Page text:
Decades from now, historians may look back on 2016 as the year Earthlings ate pizza from vending machines, bought burritos from a box in New York’s Grand Central Terminal and devoured sushi rolled by robots.
“Automation is coming whether we want it to come or not,” said Andy Puzder, chief executive officer of CKE Restaurants Inc., which owns the Hardee’s and Carl’s Jr. fast-food chains. “It’s everywhere. It’s in everything.”
At a time when more consumers are embracing hand-made artisanal foods, 24/7 Pizza Box, Burritobox and Sushi Station are headed in the other direction. Vending-machine pizza will start popping up in Florida later this year and chipotle-chicken burritos, accompanied by guacamole and salsa, can now be ordered from an automated box. Sushi-making robots from Japan are already operating in U.S. restaurants and university cafeterias.
Vending machines are a $7.52 billion business that’s growing in the U.S., according to researcher IBISWorld Inc. Sales rose 3.3 percent last year and are expected to gain 1.8 percent a year, on average, through 2020. But most have nothing to do with freshly cooked food. The leaders are Outerwall Inc., which dispenses movies through Redbox, and Compass Group Plc, which sells snacks.
Millennials, accustomed to apps and online services such as Uber Technologies Inc., Amazon.com Inc. and GrubHub Inc., increasingly don’t want to interact with other humans when ordering dinner, calling a cab or stocking up on toilet paper. That’s why eateries including McDonald’s Corp., Panera Bread Co. and CKE Restaurants are investing in kiosks and tablets so customers can also feed their misanthropy.
Customers who eschewed human servers spent more money, according a recent CKE test in Tennessee, Puzder said. Panera has ordering kiosks in some locations, and McDonald’s is toying with burger-building touch screens and automated latte makers in a handful of its restaurants. Casual-dining chains, like Chili’s and Olive Garden, have tablets so customers can pay at the table instead of waiting for a server.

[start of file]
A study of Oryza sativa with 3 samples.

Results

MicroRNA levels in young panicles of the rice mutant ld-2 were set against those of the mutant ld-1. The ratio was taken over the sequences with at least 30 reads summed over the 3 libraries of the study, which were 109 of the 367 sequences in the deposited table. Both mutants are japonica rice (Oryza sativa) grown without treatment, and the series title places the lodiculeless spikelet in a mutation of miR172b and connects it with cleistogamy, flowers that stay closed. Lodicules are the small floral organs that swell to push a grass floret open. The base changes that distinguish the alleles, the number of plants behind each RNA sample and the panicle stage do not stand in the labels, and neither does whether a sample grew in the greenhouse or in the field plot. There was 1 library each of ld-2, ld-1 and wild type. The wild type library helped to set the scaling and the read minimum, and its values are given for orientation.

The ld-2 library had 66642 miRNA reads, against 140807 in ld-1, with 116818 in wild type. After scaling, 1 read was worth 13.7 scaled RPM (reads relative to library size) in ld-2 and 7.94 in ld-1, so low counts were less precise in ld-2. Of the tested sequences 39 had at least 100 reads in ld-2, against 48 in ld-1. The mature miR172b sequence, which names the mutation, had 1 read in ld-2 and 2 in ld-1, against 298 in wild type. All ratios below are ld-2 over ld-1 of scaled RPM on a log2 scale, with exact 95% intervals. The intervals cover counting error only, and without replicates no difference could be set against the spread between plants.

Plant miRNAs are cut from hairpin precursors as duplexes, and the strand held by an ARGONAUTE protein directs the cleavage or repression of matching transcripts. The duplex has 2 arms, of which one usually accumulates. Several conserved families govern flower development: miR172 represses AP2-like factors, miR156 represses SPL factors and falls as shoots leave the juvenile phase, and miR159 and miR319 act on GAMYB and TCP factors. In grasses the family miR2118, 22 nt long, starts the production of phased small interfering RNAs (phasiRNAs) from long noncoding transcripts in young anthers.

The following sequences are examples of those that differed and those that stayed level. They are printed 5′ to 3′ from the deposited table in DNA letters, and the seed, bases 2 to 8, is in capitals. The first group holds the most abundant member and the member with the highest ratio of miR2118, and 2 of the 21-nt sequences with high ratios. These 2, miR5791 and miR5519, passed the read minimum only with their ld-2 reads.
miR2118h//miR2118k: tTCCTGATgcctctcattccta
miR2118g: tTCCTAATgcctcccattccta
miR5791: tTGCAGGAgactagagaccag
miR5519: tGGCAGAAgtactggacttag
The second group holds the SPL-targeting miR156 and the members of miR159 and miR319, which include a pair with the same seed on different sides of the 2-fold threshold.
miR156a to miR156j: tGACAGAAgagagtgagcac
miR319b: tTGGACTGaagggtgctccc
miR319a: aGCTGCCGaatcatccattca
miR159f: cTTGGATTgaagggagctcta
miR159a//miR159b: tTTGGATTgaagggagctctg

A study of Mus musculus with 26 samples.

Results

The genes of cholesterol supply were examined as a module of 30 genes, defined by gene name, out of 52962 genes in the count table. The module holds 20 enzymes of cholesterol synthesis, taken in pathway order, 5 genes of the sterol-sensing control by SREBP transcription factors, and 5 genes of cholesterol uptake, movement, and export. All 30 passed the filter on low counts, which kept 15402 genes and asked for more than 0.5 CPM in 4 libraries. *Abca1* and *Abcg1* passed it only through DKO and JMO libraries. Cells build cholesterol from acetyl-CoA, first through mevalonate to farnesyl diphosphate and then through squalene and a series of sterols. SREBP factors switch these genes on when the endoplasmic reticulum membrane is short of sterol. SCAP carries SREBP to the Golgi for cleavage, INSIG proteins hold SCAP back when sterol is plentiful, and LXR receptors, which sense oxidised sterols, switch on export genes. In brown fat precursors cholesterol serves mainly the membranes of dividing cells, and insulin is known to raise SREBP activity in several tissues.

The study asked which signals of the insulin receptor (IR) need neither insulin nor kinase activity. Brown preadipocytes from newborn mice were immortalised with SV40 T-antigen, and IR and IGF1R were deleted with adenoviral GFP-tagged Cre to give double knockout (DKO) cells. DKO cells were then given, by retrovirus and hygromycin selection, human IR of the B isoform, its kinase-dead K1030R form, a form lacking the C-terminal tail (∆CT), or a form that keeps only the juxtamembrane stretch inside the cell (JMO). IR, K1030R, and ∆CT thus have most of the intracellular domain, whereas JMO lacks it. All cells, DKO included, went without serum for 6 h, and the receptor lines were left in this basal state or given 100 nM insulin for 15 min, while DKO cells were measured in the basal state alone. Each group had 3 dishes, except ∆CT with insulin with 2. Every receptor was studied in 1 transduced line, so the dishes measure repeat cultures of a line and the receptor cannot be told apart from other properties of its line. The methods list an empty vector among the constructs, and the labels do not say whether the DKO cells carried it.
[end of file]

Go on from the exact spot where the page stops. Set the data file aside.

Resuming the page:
Higher labor costs are also fueling the automation craze. At the beginning of this year, 14 states raised their minimum rates. A $15-an-hour minimum wage will take effect in New York City in 2018 and in California by 2022.
Denis Koci, 30, co-founder and CEO of Box Brands in Los Angeles, maker of Burritobox, said his company can become the Redbox for food. There are 25 burrito-dispensing machines already in areas like Hollywood, California, and Madison, Wisconsin, and 50 more are slated for the next month or so, Koci said. There’s one planned for Grand Central train commuters in New York.
For those who may think eating lunch out of a vending machine is gross, Koci said he understands.
“I get it. But this is not a vending machine, it’s an automated restaurant,” he said. “There are real humans making the burritos. Everything is handmade.”
No, those humans are not super-small and no, they don’t toil in the machines. The burritos are made in kitchens that also supply restaurants, sometimes flash-frozen, and then shipped to the boxes. They’re defrosted before going into the machines. An employee checks the boxes once a day to make sure there’s fresh inventory.
The vending machines harken back to the Automat, a 20th-century fast-food restaurant that featured cubbyholes with food items behind glass doors. Put coins in a slot and the door would open for a gratuity-free snack or meal.
The bright orange Burritoboxes are higher tech. They have a touch screen, mobile-phone charging station and live-chat customer service in case there’s an issue. It takes about 90 seconds to heat a complete meal, including Cinnabon-brand gooey bites for dessert. Customers can watch music videos on the touch screen while waiting.
Unlike Burritoboxes, the pizza machines are unbranded so local pizzerias and packaged-food companies can label and fill the machines with their own pies. Pizzerias in Sarasota, Florida, and Chicago are experimenting with them. Each one holds 108 slices and reheats them in a conveyor oven in about one minute and 40 seconds.
Lynnie Cook, 65, the founder of 24/7 Pizza Box, said he has orders for more than 100 of the $29,920 machines. He expects to sell 2,500 in 2017.
“Our time is getting more precious,” Cook said. “You’re going to have people bringing food to where the businesspeople are working, or just making it more convenient.”
Robotics have made their way into the back of restaurants. Sushi Station, a conveyor-belt-style sushi restaurant in Elgin, Illinois, has two sushi-roll makers from manufacturer Autec. Add rice paper, press a button, add a filling, and voila. The robot costs $19,000. There’s also a machine that makes perfectly shaped rice for nigiri. The robotics help the restaurant supply the roughly 1,000 rolls it sells each day.
“It does wonders,” said Aki Noda, president of Sushi Station in Elgin. “We can teach employees in a day or two a job that would probably take a year for a sushi chef. You’re not going to have any issues of people falling behind.”
Big G’s Pizza in Chicago, known for its mac-and-cheese slices, is considering buying 24/7 Pizza Boxes, but co-founder Jeronimo Gaytan isn’t completely sold yet. He’s talked to the company about lowering the machine’s reheating temperature so his chain’s New York-style crust doesn’t end up too crispy. Gaytan also would like to see how the first pizza machines perform in Sarasota before committing.
“Are people actually cool with buying a pizza slice from a vending machine?” he said.